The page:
Kurt Nimmo
October 4, 2011

The TSA insists citizens can possibly avoid cancer-causing naked body scanners and sexual molestation pat-downs if they elect to divulge personal information to the government.

“A select group of travelers may find it easier Tuesday getting through security checkpoints at four major U.S. airports in return for voluntarily providing more personal information to the federal government as part of a new pilot program,” the Associated Press reports.

It was not revealed what personal information the TSA will collect and it was not disclosed what “security steps” participants might avoid, if any.

The program was rolled out in response to widespread outrage over the TSA’s Gestapo tactics.

The Associated Press describes the “PreCheck” program ordered by the Obama administration as a “move away from a one-size-fits-all security approach and toward a more risk-based, intelligence-driven model. It comes after complaints about full-body pat downs and intensive searches of children and the elderly.”

TSA boss John Pistole said the new intelligence gathering effort will marry information gathered at airports with “our other layers of security” and will supposedly allow authorities to concentrate on “higher-risk and unknown passengers.”

PreCheck will be merged with other frequent-flier programs, including Global Entry, NEXUS and SENTRI and will for now operate primarily out of the Hartsfield-Jackson Atlanta International and Detroit Metropolitan Wayne County airports.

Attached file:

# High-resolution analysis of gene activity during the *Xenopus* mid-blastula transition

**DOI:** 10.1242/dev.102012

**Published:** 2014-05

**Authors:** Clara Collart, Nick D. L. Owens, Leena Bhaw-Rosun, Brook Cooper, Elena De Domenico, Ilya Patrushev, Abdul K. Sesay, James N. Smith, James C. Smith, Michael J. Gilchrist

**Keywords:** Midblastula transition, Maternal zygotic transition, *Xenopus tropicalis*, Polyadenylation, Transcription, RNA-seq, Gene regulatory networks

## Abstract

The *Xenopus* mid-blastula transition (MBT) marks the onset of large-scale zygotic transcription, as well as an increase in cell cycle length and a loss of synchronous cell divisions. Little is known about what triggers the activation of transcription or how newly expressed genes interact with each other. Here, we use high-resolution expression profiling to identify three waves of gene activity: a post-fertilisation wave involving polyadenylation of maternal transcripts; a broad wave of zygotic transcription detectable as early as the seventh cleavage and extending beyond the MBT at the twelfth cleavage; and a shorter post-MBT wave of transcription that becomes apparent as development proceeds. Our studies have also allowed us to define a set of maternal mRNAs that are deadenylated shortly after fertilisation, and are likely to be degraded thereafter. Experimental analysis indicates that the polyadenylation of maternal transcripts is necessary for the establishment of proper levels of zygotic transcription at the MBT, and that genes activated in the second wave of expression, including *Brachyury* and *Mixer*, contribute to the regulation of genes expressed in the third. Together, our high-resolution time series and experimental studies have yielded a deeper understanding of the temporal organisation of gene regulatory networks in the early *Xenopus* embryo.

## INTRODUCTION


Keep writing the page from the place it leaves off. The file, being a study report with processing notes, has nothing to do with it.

PreCheck will also cover “selected travelers” enrolled in American Airlines’ frequent-flier program who travel through Miami International and Dallas-Fort Worth International airports and will involve between 5,000 to 8,000 travelers per day.

The SENTRI program run by the Department of Homeland Security offers “expedited” U.S. Customs and Border Protection processing. Voluntarily applicants must undergo a thorough background check against criminal, law enforcement, customs, immigration, and terrorist databases. Applicants must provide a 10-fingerprint law enforcement check and a personal interview with a CBP Officer. SENTRI has an “enrollment fee” of $122.25.

NEXUS participants are checked for criminal history and positive matches on FBI, Canadian Security Intelligence Service, Royal Canadian Mounted Police, United Nations, and Interpol terrorism and no-fly list databases and United Kingdom’s Police National Computer.

“This new screening system holds great potential to strengthen security while significantly enhancing the travel experience whenever possible for passengers,” Pistole said.

The TSA describes the surrender of personal information as a “trade off” and warns that participating in the program does not necessarily mean travelers will avoid intrusive sexual molestation pat-downs or dangerous radiation-emitting body scanners.

The TSA said no one is guaranteed a quicker screening and that “random and unpredictable security steps” will still be used at the airports, according to the AP report.